WhatsApp web users at risk


The vulnerability specifically affects users of the web client, WhatsApp Web, which boasts a potential user base of 200 million.

WhatsApp have responded extremely quickly, which we applaud, and the vulnerability is fixed but we’d also like to remind users of all online services to remain ever vigilant.


Phone Numbers and vCards


The cybercrims responsible for taking advantage of the vulnerability did so through fairly simple means.

All they needed was the phone number of the user they wished to target: alongside email addresses, probably the most common piece of information that you’d ideally put into an online form or involved in a previous breach. As Mark James, ESET IT security specialist, explains.

“In this instance it allowed the possibility of a vCard (Virtual Business card) to be sent to a user by only knowing their telephone number; bear in mind that almost all of the security breaches we hear about contain phone numbers in the breach.

“Unlike credit cards or passwords they are not often encrypted or hashed, now bear in mind WhatsApp is a cross platform mobile messaging app the chances of you opening a vCard sent to you is quite high. Once opened it will attempt to download and infect your system with ransomware.”

You must always be wary on the Internet. Even when receiving messages from and friend or family member. Is there anything in particular you should do?

“Apart from being very mindful of the content you receive not really no, the very nature of WhatsApp is a two way messaging service that sends and receives data but you still need to have your wits about you and remember not everything on the internet is trustworthy and honest.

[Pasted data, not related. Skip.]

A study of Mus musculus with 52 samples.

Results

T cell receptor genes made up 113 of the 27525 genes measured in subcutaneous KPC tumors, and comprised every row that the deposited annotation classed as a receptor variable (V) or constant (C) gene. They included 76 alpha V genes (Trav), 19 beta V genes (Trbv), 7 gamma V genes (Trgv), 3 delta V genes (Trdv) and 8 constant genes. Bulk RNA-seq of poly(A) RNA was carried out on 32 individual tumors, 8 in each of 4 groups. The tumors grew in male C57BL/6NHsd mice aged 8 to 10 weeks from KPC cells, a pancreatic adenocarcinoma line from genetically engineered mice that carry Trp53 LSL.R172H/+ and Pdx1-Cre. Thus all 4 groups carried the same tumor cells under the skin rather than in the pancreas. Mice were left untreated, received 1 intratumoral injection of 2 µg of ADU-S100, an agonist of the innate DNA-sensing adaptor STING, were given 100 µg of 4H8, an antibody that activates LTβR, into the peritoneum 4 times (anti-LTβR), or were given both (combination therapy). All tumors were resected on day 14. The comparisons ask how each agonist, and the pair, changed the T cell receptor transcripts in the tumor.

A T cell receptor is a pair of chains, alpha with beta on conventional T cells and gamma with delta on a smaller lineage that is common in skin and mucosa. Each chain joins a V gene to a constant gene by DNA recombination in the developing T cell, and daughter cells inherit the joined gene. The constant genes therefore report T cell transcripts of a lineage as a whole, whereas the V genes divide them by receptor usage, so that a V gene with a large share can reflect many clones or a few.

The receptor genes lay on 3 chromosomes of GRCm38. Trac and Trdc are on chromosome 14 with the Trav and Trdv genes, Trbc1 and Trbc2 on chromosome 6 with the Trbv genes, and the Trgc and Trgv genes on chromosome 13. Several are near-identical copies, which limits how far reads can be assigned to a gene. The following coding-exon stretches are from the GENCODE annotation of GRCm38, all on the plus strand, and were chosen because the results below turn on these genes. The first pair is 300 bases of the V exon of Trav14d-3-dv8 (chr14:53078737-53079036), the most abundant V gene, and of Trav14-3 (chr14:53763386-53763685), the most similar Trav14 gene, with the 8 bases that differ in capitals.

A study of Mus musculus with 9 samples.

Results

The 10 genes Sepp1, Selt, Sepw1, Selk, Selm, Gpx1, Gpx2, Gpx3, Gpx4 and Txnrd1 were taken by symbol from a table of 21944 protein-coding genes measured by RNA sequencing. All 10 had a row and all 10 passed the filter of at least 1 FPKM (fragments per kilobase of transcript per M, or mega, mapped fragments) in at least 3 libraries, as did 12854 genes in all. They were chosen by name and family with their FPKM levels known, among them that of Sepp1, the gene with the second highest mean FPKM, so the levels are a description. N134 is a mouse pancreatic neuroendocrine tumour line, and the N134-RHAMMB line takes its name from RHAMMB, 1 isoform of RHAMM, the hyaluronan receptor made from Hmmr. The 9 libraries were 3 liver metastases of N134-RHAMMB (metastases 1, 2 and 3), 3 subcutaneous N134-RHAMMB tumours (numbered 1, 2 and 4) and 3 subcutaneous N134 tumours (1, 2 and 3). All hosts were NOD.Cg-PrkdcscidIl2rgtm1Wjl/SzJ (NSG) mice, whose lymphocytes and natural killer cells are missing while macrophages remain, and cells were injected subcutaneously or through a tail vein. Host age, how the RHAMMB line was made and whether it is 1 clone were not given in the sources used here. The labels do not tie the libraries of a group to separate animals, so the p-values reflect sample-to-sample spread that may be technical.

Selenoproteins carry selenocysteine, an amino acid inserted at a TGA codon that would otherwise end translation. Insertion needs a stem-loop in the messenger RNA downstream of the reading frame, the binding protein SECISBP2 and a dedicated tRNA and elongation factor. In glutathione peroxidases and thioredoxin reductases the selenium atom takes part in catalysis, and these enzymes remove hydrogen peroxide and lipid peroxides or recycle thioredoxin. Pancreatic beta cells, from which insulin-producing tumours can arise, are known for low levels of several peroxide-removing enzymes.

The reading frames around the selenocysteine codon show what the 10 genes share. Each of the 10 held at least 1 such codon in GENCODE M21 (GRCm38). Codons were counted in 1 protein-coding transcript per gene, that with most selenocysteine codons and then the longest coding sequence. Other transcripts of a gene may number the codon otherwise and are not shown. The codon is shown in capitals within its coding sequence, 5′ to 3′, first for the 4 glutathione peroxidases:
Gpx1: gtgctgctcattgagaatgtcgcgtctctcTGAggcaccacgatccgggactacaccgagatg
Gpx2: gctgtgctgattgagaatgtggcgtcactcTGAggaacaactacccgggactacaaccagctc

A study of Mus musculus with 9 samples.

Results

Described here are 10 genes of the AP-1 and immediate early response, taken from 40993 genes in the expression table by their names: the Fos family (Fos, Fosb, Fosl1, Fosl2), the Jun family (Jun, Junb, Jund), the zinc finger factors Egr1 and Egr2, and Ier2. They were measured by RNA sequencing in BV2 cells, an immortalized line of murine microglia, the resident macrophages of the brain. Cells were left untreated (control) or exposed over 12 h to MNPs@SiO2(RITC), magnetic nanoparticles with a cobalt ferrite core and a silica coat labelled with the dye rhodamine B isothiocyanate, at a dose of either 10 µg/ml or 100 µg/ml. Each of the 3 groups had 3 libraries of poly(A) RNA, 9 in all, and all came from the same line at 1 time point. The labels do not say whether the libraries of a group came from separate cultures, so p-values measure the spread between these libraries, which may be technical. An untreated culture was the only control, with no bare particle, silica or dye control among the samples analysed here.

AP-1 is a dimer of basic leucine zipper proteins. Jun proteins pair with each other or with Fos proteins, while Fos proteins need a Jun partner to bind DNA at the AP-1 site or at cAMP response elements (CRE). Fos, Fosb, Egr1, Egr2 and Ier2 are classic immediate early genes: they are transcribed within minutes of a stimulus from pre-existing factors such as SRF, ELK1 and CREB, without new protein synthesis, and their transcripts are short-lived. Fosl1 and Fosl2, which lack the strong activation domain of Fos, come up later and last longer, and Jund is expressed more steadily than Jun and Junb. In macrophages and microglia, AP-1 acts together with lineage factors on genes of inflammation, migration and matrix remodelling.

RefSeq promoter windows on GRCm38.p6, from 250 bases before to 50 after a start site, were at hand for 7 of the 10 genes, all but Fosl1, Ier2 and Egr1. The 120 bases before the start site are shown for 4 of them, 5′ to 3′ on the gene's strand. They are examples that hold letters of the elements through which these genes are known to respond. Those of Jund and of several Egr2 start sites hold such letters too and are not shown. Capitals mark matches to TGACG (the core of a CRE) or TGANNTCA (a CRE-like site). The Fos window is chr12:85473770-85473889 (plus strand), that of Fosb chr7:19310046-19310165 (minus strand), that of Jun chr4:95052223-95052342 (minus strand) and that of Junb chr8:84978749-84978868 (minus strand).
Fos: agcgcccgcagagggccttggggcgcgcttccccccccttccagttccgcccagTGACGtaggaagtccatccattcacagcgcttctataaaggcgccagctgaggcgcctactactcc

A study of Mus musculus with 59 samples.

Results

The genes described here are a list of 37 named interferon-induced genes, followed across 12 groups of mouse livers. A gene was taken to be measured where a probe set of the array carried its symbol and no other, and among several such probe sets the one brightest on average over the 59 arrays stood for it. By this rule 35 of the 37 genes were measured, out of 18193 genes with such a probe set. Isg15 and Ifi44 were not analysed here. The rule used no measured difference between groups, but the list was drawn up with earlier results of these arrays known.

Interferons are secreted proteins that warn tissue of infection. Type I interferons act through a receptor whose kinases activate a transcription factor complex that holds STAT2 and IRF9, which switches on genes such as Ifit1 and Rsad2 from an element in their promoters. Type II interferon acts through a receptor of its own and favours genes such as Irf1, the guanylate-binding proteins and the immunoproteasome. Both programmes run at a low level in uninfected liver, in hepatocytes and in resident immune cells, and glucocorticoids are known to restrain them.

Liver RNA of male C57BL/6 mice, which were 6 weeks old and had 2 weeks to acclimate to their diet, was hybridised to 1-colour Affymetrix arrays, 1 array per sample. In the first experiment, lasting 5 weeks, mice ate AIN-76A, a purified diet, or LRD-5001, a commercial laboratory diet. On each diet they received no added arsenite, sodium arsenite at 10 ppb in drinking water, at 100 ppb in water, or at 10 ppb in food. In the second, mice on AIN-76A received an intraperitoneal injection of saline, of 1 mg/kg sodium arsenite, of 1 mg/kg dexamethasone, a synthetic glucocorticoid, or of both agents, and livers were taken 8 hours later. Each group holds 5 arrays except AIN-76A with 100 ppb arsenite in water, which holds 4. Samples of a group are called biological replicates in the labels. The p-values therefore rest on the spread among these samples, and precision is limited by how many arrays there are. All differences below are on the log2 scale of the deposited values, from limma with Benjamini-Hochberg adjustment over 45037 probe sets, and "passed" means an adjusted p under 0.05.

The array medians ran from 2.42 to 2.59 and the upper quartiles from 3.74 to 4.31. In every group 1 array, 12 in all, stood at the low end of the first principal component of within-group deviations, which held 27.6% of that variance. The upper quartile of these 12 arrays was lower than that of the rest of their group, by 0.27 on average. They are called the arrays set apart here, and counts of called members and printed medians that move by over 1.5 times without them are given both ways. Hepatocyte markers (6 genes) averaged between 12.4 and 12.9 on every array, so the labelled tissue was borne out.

“Make sure your web browser, operating system, applications and Anti-Virus products are fully updated and patched. Don’t wait to apply updates later, always do them now and to be safe reboot your machine afterwards, if you’re not familiar with updating browser cache, to ensure patches are applied.”




Amongst the malware that victims could potentially be infected with was ransomware, the infamous zeitgeist of recent malware.

“Ransomware is one of the most destructive forms of malware around currently, it renders local and remote files unusable until the ransom is paid.

“If this is in a business environment then no one will be able to access those files and in a worst case scenario could cause the whole software infrastructure to fail.

“Of course if backups are in place it’s just a matter of time before you’re back up and running but if not then remember paying the ransom is only funding criminal activity and should be avoided if possible.”

As mentioned at the beginning of the article WhatsApp were very quick to respond. As we’ve said many times no one is 100% immune to being hacked, or breached, or infected. It’s how you deal with it that’s important.

“In this case WhatsApp acted very fast indeed, a patch was made available that fixed the problem and was rolled out quickly, this enabled their users to be safe again from this vulnerability providing they applied the patch, it’s good to see companies acting this fast in response to these vulnerabilities being found.”